A miserable fortnight for Mo Farah took a sharp turn for the worse in Chicago on Sunday as he trudged home more than four minutes behind the leaders in his worst ever marathon time. While the Kenyan Lawrence Cherono bounded to victory in 2hr 5min 45sec, Farah had pain etched across his face as he crossed the line in eighth place in a modest 2:09:58.
Every time the Briton has run the marathon since retiring from the track in 2017, he has insisted that he is still learning how to best deal with going 26.2 miles.
But on an unseasonally bitter day in the midwest, Farah learned perhaps the biggest lesson of all: that for all his devastating prowess on the track, when it comes to the ultimate test of distance running his old powers do not work nearly as well.
Perhaps Farah’s poor performance can be partly attributed to outside factors. It cannot have been easy seeing his former coach Alberto Salazar banned for four years for doping offences – or UK Athletics dropping his personal physiotherapist and confidant, Neil Black, as performance director. Yet when Farah spoke to the press on Friday he promised he was in great form – and would not be distracted. But his increasingly punchy exchanges with the media, in which he appeared to be more critical of them than Salazar before accusing them of racism, can not have made for a smooth buildup.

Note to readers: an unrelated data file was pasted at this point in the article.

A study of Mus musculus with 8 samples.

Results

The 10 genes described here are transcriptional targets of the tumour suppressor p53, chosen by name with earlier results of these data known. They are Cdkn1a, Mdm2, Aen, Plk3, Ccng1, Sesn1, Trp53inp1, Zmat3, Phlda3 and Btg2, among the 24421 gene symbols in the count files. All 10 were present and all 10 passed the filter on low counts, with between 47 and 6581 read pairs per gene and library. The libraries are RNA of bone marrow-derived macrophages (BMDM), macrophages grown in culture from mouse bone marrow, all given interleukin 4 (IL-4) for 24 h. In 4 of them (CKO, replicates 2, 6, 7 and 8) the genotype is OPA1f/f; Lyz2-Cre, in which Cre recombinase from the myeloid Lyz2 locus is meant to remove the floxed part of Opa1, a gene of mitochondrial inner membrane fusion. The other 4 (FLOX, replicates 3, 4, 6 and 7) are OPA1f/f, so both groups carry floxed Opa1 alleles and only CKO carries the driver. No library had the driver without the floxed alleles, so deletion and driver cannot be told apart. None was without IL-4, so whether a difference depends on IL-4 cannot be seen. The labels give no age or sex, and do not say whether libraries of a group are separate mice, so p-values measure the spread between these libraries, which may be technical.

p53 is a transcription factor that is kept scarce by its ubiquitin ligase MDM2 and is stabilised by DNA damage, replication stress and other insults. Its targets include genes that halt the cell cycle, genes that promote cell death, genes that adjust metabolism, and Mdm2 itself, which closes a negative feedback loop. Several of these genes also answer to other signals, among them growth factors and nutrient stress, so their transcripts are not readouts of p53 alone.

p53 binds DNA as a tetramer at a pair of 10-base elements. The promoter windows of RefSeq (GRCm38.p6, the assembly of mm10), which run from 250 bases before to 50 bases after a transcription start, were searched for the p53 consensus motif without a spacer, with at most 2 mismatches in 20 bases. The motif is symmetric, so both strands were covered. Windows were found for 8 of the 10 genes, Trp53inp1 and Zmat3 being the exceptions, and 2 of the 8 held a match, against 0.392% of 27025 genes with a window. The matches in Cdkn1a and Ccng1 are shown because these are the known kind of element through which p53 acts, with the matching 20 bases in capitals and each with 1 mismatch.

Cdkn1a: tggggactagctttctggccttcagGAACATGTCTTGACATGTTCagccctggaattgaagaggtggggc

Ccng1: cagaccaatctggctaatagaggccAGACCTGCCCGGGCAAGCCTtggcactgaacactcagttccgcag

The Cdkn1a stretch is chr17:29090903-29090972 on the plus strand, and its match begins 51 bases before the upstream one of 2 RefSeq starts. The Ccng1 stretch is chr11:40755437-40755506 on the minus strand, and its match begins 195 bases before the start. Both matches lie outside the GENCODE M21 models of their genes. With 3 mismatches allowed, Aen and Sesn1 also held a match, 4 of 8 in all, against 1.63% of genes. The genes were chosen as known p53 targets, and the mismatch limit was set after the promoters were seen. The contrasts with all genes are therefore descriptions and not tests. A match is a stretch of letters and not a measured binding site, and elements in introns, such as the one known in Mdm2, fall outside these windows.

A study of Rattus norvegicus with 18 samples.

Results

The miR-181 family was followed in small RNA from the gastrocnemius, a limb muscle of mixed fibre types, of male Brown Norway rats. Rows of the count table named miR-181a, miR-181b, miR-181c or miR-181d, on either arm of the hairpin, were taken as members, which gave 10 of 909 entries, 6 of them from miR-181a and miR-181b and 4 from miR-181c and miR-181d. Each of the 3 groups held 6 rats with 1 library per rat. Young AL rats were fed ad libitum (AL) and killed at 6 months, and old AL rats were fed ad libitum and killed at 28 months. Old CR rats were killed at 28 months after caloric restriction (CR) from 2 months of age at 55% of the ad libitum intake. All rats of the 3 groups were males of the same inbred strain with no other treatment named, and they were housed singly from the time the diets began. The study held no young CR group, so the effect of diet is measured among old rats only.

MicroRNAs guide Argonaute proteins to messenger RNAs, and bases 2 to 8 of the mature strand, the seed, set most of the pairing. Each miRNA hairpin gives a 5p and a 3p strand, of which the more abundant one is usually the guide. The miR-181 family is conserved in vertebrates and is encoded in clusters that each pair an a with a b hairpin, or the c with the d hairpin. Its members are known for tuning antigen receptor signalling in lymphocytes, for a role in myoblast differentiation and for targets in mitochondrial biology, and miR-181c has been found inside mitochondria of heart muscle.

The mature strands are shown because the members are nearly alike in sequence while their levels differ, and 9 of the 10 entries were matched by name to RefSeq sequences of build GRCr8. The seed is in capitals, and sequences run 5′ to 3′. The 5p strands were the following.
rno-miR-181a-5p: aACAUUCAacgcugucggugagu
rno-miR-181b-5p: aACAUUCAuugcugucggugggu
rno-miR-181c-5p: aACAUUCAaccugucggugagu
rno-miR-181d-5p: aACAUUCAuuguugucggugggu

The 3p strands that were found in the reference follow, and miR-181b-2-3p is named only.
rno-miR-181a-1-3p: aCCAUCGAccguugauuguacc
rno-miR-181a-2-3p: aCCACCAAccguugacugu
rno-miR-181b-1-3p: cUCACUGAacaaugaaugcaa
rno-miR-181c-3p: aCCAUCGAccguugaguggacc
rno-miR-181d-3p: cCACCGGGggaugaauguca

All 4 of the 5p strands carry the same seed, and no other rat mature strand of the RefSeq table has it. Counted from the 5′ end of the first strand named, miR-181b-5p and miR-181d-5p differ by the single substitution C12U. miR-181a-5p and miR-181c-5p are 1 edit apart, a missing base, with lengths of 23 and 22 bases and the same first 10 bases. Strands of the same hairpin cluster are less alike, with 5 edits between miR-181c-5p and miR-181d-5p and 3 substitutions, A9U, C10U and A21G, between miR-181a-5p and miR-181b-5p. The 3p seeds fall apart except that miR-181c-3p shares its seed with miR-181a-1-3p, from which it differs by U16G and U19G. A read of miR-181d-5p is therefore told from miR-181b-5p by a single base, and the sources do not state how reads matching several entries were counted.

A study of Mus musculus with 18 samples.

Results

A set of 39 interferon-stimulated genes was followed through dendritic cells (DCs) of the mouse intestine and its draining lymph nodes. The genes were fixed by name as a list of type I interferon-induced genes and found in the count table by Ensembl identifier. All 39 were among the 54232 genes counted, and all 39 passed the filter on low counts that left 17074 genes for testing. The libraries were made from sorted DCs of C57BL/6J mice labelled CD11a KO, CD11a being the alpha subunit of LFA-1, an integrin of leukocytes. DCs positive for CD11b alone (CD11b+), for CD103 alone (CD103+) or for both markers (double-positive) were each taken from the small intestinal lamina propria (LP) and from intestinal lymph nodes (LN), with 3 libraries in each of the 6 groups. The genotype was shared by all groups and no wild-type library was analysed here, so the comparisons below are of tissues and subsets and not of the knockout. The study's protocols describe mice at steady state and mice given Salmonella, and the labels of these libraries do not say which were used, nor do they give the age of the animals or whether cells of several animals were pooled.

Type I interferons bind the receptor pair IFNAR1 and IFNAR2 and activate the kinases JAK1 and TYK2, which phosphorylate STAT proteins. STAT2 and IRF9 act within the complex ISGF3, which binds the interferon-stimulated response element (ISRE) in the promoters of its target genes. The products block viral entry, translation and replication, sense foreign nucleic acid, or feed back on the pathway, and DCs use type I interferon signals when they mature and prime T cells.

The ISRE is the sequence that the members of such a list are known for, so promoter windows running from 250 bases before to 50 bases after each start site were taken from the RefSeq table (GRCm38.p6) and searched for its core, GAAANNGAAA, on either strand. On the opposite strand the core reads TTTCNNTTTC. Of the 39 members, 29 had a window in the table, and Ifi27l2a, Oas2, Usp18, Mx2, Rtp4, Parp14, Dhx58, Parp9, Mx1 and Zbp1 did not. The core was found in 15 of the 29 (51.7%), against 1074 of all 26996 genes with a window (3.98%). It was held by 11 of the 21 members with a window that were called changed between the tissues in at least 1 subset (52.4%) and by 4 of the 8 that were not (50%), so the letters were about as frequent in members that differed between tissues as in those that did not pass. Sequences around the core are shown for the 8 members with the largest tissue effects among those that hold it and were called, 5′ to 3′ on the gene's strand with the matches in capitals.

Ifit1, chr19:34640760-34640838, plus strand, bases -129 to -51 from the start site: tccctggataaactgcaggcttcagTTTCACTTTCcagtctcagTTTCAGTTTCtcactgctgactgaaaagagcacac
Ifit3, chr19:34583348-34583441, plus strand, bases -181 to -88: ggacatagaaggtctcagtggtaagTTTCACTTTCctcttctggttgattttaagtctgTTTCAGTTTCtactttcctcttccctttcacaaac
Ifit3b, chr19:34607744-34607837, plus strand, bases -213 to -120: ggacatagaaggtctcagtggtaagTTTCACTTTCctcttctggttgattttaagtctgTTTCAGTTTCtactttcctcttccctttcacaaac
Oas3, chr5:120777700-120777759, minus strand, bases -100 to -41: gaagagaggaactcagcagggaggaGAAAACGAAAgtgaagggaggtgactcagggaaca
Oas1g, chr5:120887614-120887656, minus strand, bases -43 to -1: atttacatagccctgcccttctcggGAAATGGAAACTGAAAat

Either way, it was evident from early on that this was not going to be Farah’s day when he began to slip off a moderate pace after just eight miles. By the time the leaders went through halfway in 1:02.14, he was 40 seconds back in seventh and in no man’s land with just his training partner Bashir Abdi for company.
True, Farah did at least perform better than the two Nike Oregon Project athletes still coached by Salazar – with his former friend Galen Rupp dropping out with a calf strain after 23 miles, and Jordan Hasay withdrawing after feeling a sharp pain in her hamstring after two miles.
Increasingly, however, Farah looked every one of his 36 years. With 20 miles he was two minutes off the pace and looking like he wanted the ground to swallow him up. And while he deserves credit for continuing, this will be a bitter blow to his increasingly faint hopes of winning a marathon medal at the Olympic Games in Tokyo next year.
While Farah did not speak after the race, he later tweeted that it had not been his day. “I just have to accept hard defeat and move on,” he added. “This is what sport is all about.”